A handout picture released by the official website of the Iranian president shows the Islamic Republic’s President Hassan Rouhani (R) meeting with Iraqi Prime Minister Nuri Al-Maliki in Tehran on December 5, 2013. (AFP PHOTO/HO/PRESIDENT.IR)

Baghdad, Asharq Al-Awsat—Iraqi Prime Minister Nuri Al-Maliki arrived in Tehran on Wednesday on a two-day official visit, amid criticism of his trip from domestic opponents.

Maliki is scheduled to meet Iranian President Hassan Rouhani, Foreign Minister Mohammad Javad Zarif and the head of the Supreme Council of National Security, Admiral Ali Shamkhani, on Thursday. Maliki will also visit the Shi’ite holy city of Mashhad.

Iranian news agency IRNA said the Iraqi prime minister was invited to Iran to “discuss the development of bilateral relations in the economic and political fields.” The talks will also include the Syrian crisis, and the issue of the Iranian opposition group Mujahedin-e Khalq (MEK), which is based in Iraq.

The visit comes amid increasing division within the governing Shi’ite coalition in Iraq. It follows an announcement by the Sadrist Bloc in Iraq’s parliament, led by Moqtada Al-Sadr, and the Islamic Supreme Council of Iraq, led by Ammar Al-Hakim, of their intention to fight the next parliamentary elections on separate lists and open the door to new alliances in order to choose an alternative prime minister to Maliki.

Meanwhile, the State of Law Coalition, which Maliki leads, insisted on Maliki’s nomination for the premiership for a third term, a move rejected by the Sadrists and the Supreme Council.

Jawad Al-Jubouri, a member of the Sadrist Al-Ahrar Bloc, told Asharq Al-Awsat: “The visit may seem like a state visit by a senior official, such as a prime minister, who is working on Iraqi international relations, especially with neighboring states. However, the problem is in the timing of the visit, because carrying out two visits in close succession to two important countries, the United States and Iran, makes observers suspicious.”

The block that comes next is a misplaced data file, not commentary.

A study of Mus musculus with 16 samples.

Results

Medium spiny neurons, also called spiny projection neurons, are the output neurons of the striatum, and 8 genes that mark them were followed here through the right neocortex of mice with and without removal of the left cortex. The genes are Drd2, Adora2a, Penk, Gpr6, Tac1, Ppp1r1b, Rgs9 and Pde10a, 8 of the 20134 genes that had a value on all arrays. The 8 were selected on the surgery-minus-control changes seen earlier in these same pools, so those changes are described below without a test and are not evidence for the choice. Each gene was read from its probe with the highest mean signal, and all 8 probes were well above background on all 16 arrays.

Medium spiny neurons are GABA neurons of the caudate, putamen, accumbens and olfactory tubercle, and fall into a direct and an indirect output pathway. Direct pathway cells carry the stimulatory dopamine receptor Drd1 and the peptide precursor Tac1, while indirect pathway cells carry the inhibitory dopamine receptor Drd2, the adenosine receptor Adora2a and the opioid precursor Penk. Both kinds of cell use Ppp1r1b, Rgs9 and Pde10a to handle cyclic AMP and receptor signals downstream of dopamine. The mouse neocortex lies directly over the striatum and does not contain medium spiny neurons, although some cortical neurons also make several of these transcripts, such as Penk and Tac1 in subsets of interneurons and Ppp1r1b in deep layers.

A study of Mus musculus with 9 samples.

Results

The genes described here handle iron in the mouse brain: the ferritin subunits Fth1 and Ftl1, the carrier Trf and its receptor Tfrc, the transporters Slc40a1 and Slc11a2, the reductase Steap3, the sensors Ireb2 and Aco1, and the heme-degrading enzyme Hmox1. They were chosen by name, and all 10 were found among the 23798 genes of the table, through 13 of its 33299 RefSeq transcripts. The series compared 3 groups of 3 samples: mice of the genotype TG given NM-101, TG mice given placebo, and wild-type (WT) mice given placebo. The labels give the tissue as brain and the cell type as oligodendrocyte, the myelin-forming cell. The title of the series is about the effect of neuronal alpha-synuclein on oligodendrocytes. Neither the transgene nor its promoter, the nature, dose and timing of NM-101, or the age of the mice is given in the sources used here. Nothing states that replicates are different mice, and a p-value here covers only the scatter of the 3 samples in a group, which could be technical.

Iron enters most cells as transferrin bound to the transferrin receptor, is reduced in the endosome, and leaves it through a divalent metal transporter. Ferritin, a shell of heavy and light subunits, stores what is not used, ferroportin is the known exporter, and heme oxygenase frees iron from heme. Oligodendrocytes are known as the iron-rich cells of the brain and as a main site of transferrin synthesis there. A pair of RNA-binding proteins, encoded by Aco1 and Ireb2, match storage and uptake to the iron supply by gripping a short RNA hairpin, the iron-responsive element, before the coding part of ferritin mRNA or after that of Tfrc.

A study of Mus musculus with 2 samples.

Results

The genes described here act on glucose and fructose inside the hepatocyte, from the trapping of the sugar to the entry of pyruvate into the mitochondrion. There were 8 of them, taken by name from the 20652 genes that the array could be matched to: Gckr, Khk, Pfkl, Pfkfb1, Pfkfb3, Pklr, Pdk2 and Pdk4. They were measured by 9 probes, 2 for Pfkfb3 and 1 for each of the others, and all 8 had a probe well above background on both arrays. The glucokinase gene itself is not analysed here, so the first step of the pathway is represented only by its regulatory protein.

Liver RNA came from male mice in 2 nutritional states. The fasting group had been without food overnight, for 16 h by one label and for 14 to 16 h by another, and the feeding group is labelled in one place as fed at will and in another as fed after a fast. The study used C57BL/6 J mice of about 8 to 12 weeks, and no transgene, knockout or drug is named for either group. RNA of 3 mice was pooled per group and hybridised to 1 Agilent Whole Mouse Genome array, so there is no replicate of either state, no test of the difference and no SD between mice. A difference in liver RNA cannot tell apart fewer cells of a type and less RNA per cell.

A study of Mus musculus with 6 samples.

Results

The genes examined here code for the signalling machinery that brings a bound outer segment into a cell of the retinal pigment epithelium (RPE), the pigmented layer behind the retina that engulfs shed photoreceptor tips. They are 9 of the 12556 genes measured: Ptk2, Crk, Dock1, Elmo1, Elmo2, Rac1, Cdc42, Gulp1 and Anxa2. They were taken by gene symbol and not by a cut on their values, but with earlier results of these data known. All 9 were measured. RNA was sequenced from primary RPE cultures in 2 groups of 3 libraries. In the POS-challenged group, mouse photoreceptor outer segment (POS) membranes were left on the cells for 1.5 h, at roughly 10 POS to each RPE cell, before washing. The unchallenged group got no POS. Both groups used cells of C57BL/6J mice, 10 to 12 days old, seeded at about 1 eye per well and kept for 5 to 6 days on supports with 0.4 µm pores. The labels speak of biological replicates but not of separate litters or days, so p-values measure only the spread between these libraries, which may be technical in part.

Jubouri added that “when Maliki makes these visits under the pretext of discussing the region’s issues, such as the Syrian crisis and the Iranian nuclear dossier, he wants to show himself to these parties as a statesman capable of helping and dealing with these issues, enabling him to use the visit for electoral aims, whether to help him personally or help his party.”

He added: “These issues could disturb the internal equation, especially when we are all facing very important parliamentary elections, and when the issue of a third term sought by Maliki is the main issue of discussion.”

The National Dialogue Front led by Deputy Prime Minister Saleh Al-Mutlaq also expressed doubts about the visit. Spokesman Haydar Al-Mulla said in a news conference that “if the prime minister’s visit to Iran was to help support his quest for a third term, it is rejected, because the selection of the next prime minister should come from inside without external intervention.”

He added: “The political blocs are agreed that the next prime minister will be chosen by the Iraqi people, and must be accepted by all parties without the imposition of any outside agenda.”

Meanwhile, the Iraqi Parliament’s Foreign Affairs Committee said: “There must be a distinction between private party visits carried out by various parties and blocs to different countries, and state visits.”

Committee member Safiyah Al-Suhail told Asharq Al-Awsat that “senior officials’ visits, including by the prime minister, must be looked at from the point of view of the higher national interest, without other considerations.”

She added: “We in the Foreign Affairs Committee stress the importance of strengthening international relations, especially with Arab and Islamic neighbors, because the current circumstances in the region force us to open up to everyone and, therefore, we support the visit from that point of view.”

Suhail added: “There are those who see this visit as being linked to the elections, but I would like to point out that all parties and blocs make visits to various countries, and all seek support.”

Iraqi MP for the Kurdistan Alliance Bloc member, Mahdi Koshno, said: “This visit must be looked at as a state visit to normalize relations and, therefore, it has a positive dimension if it focuses on cultural and economic relations between the two countries, especially as Iran is an important country to Iraq.”

He added: “But if the visit only had political objectives, we see it as a disappointment.”